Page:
Here we go again. It’s phase three of the A Housefly in Autumn remodel. As I predicted, between rewriting the middle and obsessing over the beginning, I’ve come to that time when I feel compelled to tweak the ending.
The good news is that it’s only the last couple of paragraphs I want to redo. The bad news is that those last two paragraphs contain a mother lode of tone. That’s not bad news in itself; it’s only bad news when you want to change them. It’s like changing whole pages at the beginning or whole chapters in the middle.
For the beginning, the concern is drawing readers in. At the middle, the worry is keeping them. The finale needs to hit just the right note. I think my previous note was a little flat and I’m trying to sharpen it up a bit.
When they are the last two paragraphs, two paragraphs can seem like a mountainous rewrite. It certainly has taken me more time than any two other paragraphs ever have. I’m still not completely satisfied, but at least I’m moving in the right direction.
On the bright side, I don’t have to count this late alteration as a self-induced delay to publication. This time I got smart and started obsessing about something while I was still waiting for my expert proofers to finish reviewing their copies. By the time they are done, this behemoth, two-paragraph rewrite should be complete.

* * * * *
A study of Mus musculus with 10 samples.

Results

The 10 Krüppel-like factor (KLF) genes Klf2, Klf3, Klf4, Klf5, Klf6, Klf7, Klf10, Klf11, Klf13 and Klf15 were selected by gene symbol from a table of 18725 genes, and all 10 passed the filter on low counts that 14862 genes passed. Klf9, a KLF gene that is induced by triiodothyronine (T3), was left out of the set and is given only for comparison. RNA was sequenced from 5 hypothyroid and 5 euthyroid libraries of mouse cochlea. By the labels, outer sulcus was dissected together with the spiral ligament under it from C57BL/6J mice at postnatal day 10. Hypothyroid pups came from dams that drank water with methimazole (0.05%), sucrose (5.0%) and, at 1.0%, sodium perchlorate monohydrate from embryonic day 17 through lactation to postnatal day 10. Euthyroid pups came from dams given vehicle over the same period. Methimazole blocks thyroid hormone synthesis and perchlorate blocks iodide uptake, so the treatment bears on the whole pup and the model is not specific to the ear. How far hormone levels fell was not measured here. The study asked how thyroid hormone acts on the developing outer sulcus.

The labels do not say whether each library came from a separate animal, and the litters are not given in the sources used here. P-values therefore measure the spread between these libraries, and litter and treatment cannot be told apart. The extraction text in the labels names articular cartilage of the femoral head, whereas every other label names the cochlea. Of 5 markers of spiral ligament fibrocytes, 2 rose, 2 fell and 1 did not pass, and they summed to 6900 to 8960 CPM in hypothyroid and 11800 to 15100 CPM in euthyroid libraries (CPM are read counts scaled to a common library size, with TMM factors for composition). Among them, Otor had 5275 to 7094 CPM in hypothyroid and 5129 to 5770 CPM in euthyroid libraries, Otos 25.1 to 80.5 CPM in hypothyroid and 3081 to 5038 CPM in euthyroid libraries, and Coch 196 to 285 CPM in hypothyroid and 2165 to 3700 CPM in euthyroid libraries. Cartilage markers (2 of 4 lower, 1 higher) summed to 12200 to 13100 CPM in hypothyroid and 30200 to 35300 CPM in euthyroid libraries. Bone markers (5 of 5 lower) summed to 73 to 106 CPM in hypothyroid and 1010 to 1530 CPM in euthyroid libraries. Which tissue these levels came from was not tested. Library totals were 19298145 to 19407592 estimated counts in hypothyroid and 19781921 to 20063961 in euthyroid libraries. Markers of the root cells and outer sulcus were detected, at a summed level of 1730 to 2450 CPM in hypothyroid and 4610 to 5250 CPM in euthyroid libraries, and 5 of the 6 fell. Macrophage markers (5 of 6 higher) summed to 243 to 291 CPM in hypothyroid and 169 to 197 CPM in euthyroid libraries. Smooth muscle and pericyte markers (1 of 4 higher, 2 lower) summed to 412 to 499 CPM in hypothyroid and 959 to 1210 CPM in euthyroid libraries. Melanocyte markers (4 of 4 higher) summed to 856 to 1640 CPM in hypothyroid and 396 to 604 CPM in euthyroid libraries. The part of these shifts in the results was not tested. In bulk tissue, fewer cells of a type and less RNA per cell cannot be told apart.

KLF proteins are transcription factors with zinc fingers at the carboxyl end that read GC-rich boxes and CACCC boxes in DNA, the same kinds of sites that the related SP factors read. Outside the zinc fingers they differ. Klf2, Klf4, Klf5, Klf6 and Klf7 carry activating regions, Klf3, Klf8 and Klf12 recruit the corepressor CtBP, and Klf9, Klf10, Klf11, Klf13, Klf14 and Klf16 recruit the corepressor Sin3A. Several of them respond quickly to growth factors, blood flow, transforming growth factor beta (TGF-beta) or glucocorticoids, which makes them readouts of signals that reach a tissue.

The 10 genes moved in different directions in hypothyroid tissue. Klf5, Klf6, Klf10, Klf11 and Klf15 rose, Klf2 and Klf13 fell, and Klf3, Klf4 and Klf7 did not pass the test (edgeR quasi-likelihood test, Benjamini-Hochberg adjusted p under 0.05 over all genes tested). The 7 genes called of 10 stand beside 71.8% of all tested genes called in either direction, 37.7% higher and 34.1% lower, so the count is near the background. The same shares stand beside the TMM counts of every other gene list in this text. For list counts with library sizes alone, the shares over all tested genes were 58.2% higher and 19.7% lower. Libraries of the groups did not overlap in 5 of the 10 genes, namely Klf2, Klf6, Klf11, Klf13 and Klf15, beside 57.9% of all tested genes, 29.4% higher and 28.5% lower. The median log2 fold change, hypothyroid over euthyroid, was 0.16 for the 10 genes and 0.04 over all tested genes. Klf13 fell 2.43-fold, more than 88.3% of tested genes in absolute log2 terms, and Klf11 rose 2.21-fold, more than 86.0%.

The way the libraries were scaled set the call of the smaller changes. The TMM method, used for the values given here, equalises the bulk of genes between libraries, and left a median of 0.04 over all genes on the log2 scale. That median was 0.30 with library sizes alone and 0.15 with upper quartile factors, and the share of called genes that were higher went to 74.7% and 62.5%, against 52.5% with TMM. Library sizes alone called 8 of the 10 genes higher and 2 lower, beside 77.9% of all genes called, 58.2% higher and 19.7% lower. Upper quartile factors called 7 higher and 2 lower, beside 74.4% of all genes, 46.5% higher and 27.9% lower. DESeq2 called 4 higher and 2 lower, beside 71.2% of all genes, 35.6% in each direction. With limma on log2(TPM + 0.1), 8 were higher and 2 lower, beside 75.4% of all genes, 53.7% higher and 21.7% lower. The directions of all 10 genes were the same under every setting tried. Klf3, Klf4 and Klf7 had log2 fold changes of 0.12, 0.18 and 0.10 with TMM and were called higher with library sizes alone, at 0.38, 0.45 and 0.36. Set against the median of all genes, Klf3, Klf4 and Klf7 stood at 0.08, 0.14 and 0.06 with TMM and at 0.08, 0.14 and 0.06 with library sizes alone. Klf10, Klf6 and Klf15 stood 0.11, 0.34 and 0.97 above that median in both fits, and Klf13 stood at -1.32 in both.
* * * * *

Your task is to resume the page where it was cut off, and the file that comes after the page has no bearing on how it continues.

At that point, I can feel good that I’ve given beginning, middle, and end their fair shares of obsessing and overthinking. The book will be as good as I can make it, lacking another 20 years’ worth of wisdom, for which I am not willing to wait.
It may seem like I’ve been talking about this book for 20 years already, but that’s just not true. I’ve been working on this book for 20 years (probably a mere 18, but who’s counting?). I’ve only been talking about it publicly for, well, far shorter than that.
Even so, I realize it may seem like I’ve been posting about this book for a long time without actually producing something like a book. No one feels this incongruity more keenly than I do. But no one sees the light at the end of the tunnel more clearly than I do. I am two short paragraphs away from concluding that it is what it is. Then all who are so inclined may judge for themselves whether I should have waited for 20 years more wisdom.
At that point, I can turn all my worries toward marketing. Marketing has been known to make me whine like a first grader with liverwurst on pumpernickel in his lunch box. Now that’s something to look forward to. Stay tuned.